Chicago-based filmmaker, photographer and musician Chris Hershman is constantly trying to perfect ways of protecting and storing images and footage for his clients. [LaCie Promotion]
When you’re in the creative field and producing content for clients, you might figure hours, equipment, and travel into their bill, but one often-overlooked expense is quality storage for your footage. Think about it from the client’s perspective””the footage you capture is the foundation of the entire project. In short, it’s worth a lot. That’s a lesson I’ve learned many times over, so I’m constantly trying to perfect my methods for protecting that valuable data.
Let’s say you have a client who wants to film on high-end cinema cameras or in a high resolution such as 4K. If you’re shooting the entire day, you can end up with hundreds of gigabytes or more of data needing to be backed up. The question is, who is paying for that storage? And who hangs on to that storage? Here are a few pro tips that will prevent you from losing your mind – and your footage.
BILL IT: Before you shoot, bill your client for storage. Ideally you should have three redundant backups, or copies, of your footage (personally, I use LaCie Rugged ® Thunderboltâ„¢ USB 3.0 drives). This is essential because that footage could be worth the entire cost of, if not more than, the shoot itself.
SEPARATE ‘EM: These three drives need to leave the set separately, or at least one of the three should go with another member of the production team. Reason being, if there’s a fire in your hotel room while you’re downstairs getting your free vegemite toast for breakfast, then you’re out of luck if all three drives are up there melting together!
CENTRALIZE: As a traveling filmmaker and photographer, for a long time I primarily relied on the portable LaCie Rugged drives that I mentioned earlier. The system worked perfectly – until my workload really took off and I found myself hauling around six to eight of them everywhere I went. Once I’d get home, those orange drives scattered around my office looked like a hard drive confetti explosion.
That’s when LaCie asked me a very simple question. “Have you ever thought of just putting all your footage from your portable drives into one centralized place?” That was my introduction to the LaCie 6big – a 6-bay desktop drive with 60TB of storage and crazy-fast speeds for editing 4K RAW video. Instant game changer.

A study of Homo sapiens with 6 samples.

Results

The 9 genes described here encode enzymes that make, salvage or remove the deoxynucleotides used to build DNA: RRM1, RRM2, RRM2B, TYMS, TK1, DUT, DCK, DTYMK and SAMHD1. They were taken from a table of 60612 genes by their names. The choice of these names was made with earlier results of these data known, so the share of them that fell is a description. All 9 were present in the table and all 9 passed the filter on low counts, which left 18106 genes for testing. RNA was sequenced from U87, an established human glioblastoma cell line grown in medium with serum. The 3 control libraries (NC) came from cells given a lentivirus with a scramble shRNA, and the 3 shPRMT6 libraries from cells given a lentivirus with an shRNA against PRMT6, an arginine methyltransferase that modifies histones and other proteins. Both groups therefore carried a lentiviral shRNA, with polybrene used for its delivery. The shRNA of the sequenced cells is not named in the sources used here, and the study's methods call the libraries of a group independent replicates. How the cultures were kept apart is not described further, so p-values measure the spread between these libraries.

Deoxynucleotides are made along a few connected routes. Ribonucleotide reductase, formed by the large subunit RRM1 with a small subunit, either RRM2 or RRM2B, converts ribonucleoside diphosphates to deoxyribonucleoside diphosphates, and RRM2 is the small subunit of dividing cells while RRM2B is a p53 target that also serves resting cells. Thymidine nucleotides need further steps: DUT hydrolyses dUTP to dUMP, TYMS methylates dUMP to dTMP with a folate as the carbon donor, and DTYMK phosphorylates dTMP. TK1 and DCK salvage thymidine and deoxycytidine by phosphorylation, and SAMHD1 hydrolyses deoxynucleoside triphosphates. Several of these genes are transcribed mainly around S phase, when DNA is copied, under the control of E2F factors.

Of course, the last thing you want is to have all this important footage on one drive, because if that drive goes down you’ll need to send it off to be repaired and have your data recovered””or, you’ll lose all your data and have to buy a brand new drive. All of that could take days or weeks, cost a ton of money, and frankly, end in disaster. Who wants to deal with that? Not you, and certainly not me. With the 6big, I can configure it for RAID, meaning if one drive fails, all I do is remove that drive and slide in a new one. The system then reconfigures itself, and I’m back in action.
The lesson is””work smarter, not harder. Make things easier on yourself by being proactive with your workflow.
And remember, take three portable drives on set, never let them leave together, and find yourself some fast, high-capacity RAID desktop storage to use at home or in the office.
Chris Hershman is a Chicago-based filmmaker, photographer and musician. At a young age he began photographing bands throughout the Midwest, with his work evolving into video capture. Chris draws inspiration from live music and the raw talent around him. He has filmed for the Chicago Music Exchange, and captured bands such as the Alabama Shakes, SABA, Switchfoot, Betty Who, Rita Ora, Colony House, NEEDTOBREATHE and many other artists. His work has been featured on Rollingstones.com and at the 2012 Grammy Awards ceremony. Chris is an Urban cowboy with a love of denim and vintage motorcycles who captures life the way he sees it.